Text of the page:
Review of Public Enemies
Directed by Michael Mann
The Academy of Motion Pictures Arts and Sciences recently announced their intention to increase the number of nominees in the category of Best Picture, from five nominees to ten. This, no doubt, pleased the producers of Public Enemies. With the expanded nomination process, this slickly produced, well directed but uneven drama will probably snag a coveted Best Picture nod.
The Best Picture field is not new to Michael Mann, Public Enemies’ director and producer. His masterpiece, 1999’s The Insider, walked away empty handed, as did his well-crafted follow up, Collateral. Fans of those films will recognize immediately that this is Mann’s work. He uses his handheld camera often and to great affect, something that most directors working with his budget wouldn’t dare to try. Mann’s expert camera work creates scenes that are both graphically violent and cartoonish, moving quickly, leaving the audience to wonder what hit them.
Where many films are cursed with a lack of good ideas, Public Enemies is stuffed with too many. The film starts in 1933 and follows the FBI, specifically Melvin Purvis (Christian Bale) and J. Edgar Hoover (Billy Crudup) pursuit of bank robber John Dillinger (Johnny Depp, handsome as ever) and his gang. Bullets fly at regular intervals as the Feds chase Dillinger and Co. across the Midwest before famously getting their man outside Chicago’s Biograph Theater. What the movie never makes clear is why the audience should care about any of this.
When the film opens with an enraged Hoover ordering his publicist to leak information about Congress to Walter Winchell while Dillinger receives a hero’s welcome en route to an Indiana prison, it seems that Mann is maybe making a film about the nature of celebrity. However, the point is dropped, and we never see Depp’s Dillinger received this way again.
At times, the film seems poised to be a cog in the machine of Dillinger’s legend, portraying him as a depression-era Robin Hood. At one robbery about 40 minutes in, he refuses a bank customer’s change, claiming he’s only after the bank’s money. But once again, this focus is dropped, another facet of the character we do not see again.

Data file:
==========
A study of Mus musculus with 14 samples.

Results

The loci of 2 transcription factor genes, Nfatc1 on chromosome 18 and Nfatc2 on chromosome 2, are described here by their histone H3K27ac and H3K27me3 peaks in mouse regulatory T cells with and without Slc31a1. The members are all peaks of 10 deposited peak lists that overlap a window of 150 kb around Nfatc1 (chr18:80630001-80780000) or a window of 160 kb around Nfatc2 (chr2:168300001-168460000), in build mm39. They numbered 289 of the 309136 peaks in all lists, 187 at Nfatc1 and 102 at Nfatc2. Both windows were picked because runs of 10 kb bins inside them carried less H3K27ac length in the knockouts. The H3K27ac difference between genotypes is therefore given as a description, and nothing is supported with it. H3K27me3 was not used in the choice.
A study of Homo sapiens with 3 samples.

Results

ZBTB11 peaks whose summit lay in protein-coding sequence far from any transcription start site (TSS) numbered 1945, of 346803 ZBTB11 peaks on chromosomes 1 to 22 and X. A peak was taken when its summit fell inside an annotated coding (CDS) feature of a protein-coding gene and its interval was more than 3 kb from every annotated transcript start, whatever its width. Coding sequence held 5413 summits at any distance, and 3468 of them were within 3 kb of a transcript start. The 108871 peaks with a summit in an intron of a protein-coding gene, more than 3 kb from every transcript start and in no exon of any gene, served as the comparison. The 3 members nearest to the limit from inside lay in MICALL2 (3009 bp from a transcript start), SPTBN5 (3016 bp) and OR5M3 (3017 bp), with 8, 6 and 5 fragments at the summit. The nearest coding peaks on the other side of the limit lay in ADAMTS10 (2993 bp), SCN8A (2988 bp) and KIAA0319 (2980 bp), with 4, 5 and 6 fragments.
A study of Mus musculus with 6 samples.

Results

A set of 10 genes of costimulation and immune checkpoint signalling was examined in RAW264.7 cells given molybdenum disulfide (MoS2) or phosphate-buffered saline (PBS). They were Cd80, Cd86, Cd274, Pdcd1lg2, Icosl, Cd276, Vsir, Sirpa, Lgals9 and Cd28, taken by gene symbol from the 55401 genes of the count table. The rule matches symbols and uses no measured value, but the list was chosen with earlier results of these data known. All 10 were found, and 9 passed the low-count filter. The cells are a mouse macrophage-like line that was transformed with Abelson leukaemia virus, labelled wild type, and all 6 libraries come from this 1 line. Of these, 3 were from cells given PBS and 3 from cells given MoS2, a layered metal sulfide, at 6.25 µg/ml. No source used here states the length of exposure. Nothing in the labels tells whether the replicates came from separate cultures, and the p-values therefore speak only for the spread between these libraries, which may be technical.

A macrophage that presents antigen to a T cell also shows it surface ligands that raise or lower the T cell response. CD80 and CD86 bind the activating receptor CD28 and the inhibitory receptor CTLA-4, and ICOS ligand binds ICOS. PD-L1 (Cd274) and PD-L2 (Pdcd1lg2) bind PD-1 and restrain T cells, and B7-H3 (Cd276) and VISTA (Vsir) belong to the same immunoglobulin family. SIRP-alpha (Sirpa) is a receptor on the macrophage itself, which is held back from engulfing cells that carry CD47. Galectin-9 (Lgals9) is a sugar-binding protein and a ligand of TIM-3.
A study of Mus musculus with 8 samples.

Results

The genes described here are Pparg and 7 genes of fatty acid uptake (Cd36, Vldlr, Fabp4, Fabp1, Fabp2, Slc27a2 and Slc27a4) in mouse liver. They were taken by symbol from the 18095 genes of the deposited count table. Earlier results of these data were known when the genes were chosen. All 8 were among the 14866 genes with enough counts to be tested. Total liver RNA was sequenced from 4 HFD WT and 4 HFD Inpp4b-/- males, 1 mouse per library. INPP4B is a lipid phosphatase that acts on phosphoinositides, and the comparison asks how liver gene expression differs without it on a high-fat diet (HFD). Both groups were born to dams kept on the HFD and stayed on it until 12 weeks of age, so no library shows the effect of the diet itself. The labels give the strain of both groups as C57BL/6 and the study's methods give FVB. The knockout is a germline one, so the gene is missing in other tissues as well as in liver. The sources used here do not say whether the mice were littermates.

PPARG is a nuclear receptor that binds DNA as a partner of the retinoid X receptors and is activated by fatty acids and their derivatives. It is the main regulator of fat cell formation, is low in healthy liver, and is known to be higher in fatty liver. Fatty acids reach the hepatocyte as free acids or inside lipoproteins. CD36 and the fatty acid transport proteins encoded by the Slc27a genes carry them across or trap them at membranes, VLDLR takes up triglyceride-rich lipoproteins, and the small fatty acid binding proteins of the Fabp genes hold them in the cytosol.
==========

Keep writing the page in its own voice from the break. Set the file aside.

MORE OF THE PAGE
The film seems to find its focus as a cat and mouse thriller in the last hour, as the audience can see the noose tightening around Dillinger and his crew. But at this point, one hour and forty minutes have ticked by, and we’re lost. We could have been watching Bale’s cat chase Depp’s mouse, but instead we were stuck watching a cat chase its tale.
The production design, by Nathan Crowley, and the costumes, by the always dependable Colleen Atwood, are marvelous, making Public Enemies beautiful to look at. Depp and Bale square off nicely against each other and Jason Clarke, as one of Dillinger’s most trusted men, is excellent. Marion Cotillard is onscreen too briefly but manages to make an impression in the throwaway role of Billie Frechette, Dillinger’s lady love. Billy Crudup, underused as always, is spectacular as J. Edgar Hoover but occasionally seems to be in a different movie, a movie I might have liked better. Note to producers: Just because Crudup has leading man looks, don’t be afraid to make him a character.
Watching Public Enemies felt like a chore, something I don’t think a movie should ever feel like. At 2 hours and 40 minutes, the film is too long, considering the best moments were in the trailer. Part of the frustration is that there is a great film buried in Michael Mann’s generally mediocre effort.
The Bottom Line: The exquisite production deserves to be seen on a big screen but no one will blame you if you sit this one out.